Do you have any reference to best practice examples , or can you share your expertise on how to keep track of edits to ModelBuilder models , track changes between model/tool versions and maintain model stability, robustness and function?

I am aware of the ESRI guidance to managing, copying and naming models here.

I would be interested if anyone has established practices, or specific expertise in the use of version tracking, archiving, editing of ModelBuilder tools that they successfully use to track model development and checking and to maintain models in a stable condition.


4 Answers 4


Currently we just keep toolboxes on a Windows file server and roll back using the "Previous Versions" functionality if anything breaks.

I am looking into storing toolboxes in Git (using TortoiseGit and GitHub Enterprise), which we already use for Python scripts and FME workspaces. Since regular toolboxes are binary, you aren't able to diff and interactively merge them like you would with plain text files, but you can still get commit messages/history, tags, branches, and merge entire binary files (all or nothing).

The best thing I think you could do would be to move over to Python completely and use Python toolboxes and Python add-ins instead of ModelBuilder. Also if you have FME that can do just about anything you can do with ModelBuilder and usually much more efficiently and easily, and is more self-documenting, with bookmarks, annotations, workspace descriptions, etc.

With GitHub you can use its Wiki or Pages features for more extensive documentation.

A more low-tech but still effective method is to simply include a readme text file with information about the toolbox/model's purpose, usage and history.


I don't think there is any way of tracking change in a model as you build it and I'm not sure why you would want to do that anyway?

What is important is explaining to others the reasoning behind your model. For example why do your inputs need to be in a file geodatabase, why did you create a field and divide a value by some other number?

This sort of important information is critical for users and the developer who has to pick it up when you "get run over by a bus". :)

There are two places I would document a model, as labels in model builder (these would be directed to developers) and within the item description (metadata) of the tool. You can really go to town on adding useful information which guides a user.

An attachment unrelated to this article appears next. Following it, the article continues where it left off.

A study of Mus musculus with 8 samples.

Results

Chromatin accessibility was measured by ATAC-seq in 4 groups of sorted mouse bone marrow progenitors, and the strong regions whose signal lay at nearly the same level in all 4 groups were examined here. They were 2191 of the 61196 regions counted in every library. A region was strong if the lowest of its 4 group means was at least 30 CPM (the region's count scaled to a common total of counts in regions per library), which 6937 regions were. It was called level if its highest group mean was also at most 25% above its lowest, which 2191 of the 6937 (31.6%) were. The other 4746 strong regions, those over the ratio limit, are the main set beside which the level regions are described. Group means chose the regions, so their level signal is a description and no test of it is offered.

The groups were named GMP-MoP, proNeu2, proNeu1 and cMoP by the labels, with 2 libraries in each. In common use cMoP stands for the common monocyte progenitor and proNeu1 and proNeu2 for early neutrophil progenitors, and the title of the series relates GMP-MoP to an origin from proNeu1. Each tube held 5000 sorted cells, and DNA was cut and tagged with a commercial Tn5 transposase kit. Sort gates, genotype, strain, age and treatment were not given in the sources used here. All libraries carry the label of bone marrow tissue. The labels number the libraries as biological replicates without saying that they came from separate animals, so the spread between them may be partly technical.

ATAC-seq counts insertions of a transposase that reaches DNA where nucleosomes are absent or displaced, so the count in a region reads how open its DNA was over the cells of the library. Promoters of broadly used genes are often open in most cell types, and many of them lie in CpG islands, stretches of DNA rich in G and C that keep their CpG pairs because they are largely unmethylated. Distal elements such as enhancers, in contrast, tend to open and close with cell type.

Unfortunately most people who develop models do a poor job on adding information to parameters which makes the model difficult to understand if you come back to it months later. I know this...I've done it!

A few minutes spent now adding some descriptions to a model parameter can turn a useful model into a great tool which is adopted rapidly by an organisation, otherwise its just another half arsed model that quickly disappears on your network drive!


Beside what have already been said, I would suggest to try to store your toolbox in an ArcSDE database. It can really help for concurrent edition and access. I also backup this database so I can roll back in case of a problem.

For more details, have a look at another of my answer's.


On the "documenting" part, use the metadata a.k.a. Item Description editor, see A quick tour of documenting tools and toolboxes.

The rich text editor box is functional but limited. Save and check the results often in both the Item Description preview and the tool dialog itself as some formatting can be jumbled or not retained, particularly list items. You can paste from Word, Onenote, Dream Weaver, etc. to get a quick start but unless the formatting is really simple it will get messed up in a hurry.

(A caveat: The old way was to use the "Model >> Edit >> Model Properties" dialog and paste in html code in the "Description" field. If you do or have done this, when Item Description editor is access the content is copied over, which is great. However any edits you make will not be copied back, so delete the model properties version to avoid confusion.)

Version control is possible by going out of the box a little: when viewing the Item Description bring up the context menu r-click >> View source and then save the html in your source-control/docs folder. Images are left out, but if you care to add yet a bit more work you can examine the html and fetch them from %temp%.

You might get a greater degree of control by referencing a compiled help (CHM) file. The place to start seems to be Microsoft HTML Help 1.4.